The Dreaded Real Estate Commission Objection

Regina Brown | March 30, 2015 | Real Estate Agent Industry Reports

Real Estate Commission ObjectionSo you worked hard and converted that lead you got from your real estate landing page and finally got that all-important listing appointment. You prepared with your stellar marketing presentation. You arrived early, toured the house, and explained your services. You hand the sellers your pen to sign the listing agreement, and they pause… Oh no, what now?!

In this series, we’ve discussed various seller objections and how to overcome them. Today’s topic tackles that least-favorite question from sellers at a listing appointment (drum roll please): “Would you lower your commission rate?” That’s right, the dreaded real estate commission objection!

Before we give any techniques on how to overcome the commission objection, we would advise you to always check with your broker first. They may have in-house client policies and pricing that you should follow. Most brokerages, however, allow you to set your own own commission rates with sellers, within their guidelines, of course.

Here are our tried-and-true techniques for overcoming the dreaded commission objection. Let’s walk through it together.

First: Show gratitude. Always thank them for considering your services. They are obviously interested in hiring you, and you appreciate their time in meeting with you. For example, “Thank you for asking about my commission Mr. Seller. I’m so glad that you value my services and you invited me to list your house for sale. It’s a big task and I am honored to assist you with it.”

Second: Compliment them. Instead of being upset they are asking for a commission discount, point out how their skill is a commonality. For example, “I can see you are also a great negotiator, that’s what I like about you. We are going to enjoy working together, aren’t we.”

At this point, if they don’t respond, you can simply drop the topic and move along with your presentation. “Sign right here so you can begin experiencing our excellent service.” But if they persist, keep going on to step 3.

Third: Ask for more information to find out what the specific commission objection is. Find out what they want, and most importantly, why. Guide the conversation gently to get to the bottom of their concerns. For example, “When you say ‘lower commission’, what type of reduction are you asking for?”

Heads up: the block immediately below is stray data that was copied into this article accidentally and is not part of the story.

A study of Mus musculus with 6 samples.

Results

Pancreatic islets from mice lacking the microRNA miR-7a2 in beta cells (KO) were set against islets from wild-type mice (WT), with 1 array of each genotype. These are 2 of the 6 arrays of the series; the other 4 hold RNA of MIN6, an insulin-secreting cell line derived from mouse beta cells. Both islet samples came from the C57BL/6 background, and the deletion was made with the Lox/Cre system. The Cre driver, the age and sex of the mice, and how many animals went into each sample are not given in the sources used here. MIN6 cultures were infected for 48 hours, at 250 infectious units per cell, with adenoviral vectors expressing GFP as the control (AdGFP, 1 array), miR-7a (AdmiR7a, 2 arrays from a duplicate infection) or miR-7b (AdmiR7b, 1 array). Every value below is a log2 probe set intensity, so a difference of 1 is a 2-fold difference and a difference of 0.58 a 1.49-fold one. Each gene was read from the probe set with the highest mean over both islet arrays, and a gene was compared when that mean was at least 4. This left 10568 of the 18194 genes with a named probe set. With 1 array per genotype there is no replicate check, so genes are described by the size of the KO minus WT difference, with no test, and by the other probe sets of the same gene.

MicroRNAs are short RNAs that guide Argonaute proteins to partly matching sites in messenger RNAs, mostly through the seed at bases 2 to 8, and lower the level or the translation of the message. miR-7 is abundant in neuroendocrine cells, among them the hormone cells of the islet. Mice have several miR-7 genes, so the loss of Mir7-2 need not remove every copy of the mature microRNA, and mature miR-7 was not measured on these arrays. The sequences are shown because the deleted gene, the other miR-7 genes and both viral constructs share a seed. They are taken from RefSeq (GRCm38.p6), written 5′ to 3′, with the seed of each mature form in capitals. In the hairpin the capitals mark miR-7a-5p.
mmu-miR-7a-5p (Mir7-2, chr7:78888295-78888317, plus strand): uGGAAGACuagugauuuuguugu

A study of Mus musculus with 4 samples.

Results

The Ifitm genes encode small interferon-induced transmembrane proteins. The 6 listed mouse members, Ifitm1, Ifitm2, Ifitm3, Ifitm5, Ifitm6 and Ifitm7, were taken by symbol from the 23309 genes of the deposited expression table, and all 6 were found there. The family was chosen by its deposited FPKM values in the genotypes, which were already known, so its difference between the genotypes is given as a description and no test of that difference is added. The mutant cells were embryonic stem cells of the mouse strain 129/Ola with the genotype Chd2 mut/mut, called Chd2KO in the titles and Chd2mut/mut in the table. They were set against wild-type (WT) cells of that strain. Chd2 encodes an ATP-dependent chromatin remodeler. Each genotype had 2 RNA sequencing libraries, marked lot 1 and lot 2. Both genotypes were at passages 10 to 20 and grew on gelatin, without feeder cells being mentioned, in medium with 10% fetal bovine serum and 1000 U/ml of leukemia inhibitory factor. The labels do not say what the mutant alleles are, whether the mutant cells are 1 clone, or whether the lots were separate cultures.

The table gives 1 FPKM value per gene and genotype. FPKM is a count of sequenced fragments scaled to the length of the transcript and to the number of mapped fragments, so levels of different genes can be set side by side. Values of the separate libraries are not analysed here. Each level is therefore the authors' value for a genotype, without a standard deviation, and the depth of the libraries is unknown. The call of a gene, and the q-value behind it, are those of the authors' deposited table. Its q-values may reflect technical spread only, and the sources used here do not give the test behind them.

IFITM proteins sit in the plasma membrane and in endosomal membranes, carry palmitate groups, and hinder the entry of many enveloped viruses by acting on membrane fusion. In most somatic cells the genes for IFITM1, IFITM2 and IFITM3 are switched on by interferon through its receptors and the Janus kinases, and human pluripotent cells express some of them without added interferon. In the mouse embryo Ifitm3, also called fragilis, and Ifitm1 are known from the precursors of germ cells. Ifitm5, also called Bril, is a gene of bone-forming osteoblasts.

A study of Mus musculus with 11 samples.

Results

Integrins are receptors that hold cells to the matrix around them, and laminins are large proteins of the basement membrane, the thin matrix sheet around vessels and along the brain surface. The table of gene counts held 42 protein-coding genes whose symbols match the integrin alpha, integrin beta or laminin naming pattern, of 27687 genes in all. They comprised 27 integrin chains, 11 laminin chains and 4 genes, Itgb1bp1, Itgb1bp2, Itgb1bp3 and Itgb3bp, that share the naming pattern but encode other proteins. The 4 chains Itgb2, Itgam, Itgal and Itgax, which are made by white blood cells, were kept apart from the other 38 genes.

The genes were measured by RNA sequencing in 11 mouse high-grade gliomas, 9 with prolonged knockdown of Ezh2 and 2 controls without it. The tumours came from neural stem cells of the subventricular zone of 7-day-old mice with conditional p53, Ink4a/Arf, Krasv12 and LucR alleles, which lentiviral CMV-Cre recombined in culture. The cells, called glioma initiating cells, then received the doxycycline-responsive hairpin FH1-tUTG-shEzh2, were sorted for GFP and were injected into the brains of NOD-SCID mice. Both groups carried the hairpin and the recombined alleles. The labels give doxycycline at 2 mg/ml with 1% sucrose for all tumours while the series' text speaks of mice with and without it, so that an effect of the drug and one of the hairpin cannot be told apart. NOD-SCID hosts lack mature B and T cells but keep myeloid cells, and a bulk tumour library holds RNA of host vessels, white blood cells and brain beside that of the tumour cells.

Fourth: Address their reasoning. If their request is because they think you make money hand-over-fist, be prepared to educate them how you pay the other brokerage, your broker split, Uncle Sam, your marketing expenses, office overhead (including MLS and Realtor® dues), and you get to keep the small slice of pie that’s left to feed your family. Some people simply are not familiar with how self-employment works, so you can educate them tactfully. One successful listing agent humorously says, “Before I pay anyone, I have to pay Uncle Sam. If you can make that expense disappear, I’ll work for free.” Then, everyone laughs because we all know we cannot avoid paying our IRS taxes.

If their commission objection is because they are comparing your service to bargain discount partial-service companies, you’ll have to point out how your services are superior. Review your marketing plan of the many things you will do for them, that other brokerages may not do. Then you can compare your services to an affluent, upscale department store that they can relate to. For example, “When you shop at Neiman-Marcus, you can relax because everything is done for you, and first class too, right? They can’t offer all of those wonderful luxurious services for Wal-Mart prices.” That will infuse a bit of humor too.

If they are asking to pay a lower commission because they have very little equity to spare, or are on the verge of a short sale, that may require some creative solutions. Address their concerns with authentic, sincere resolutions.

Then again, next time they ask that dreaded commission objection, there’s always the simple style approach revered by seasoned agents: “No. Any other questions?”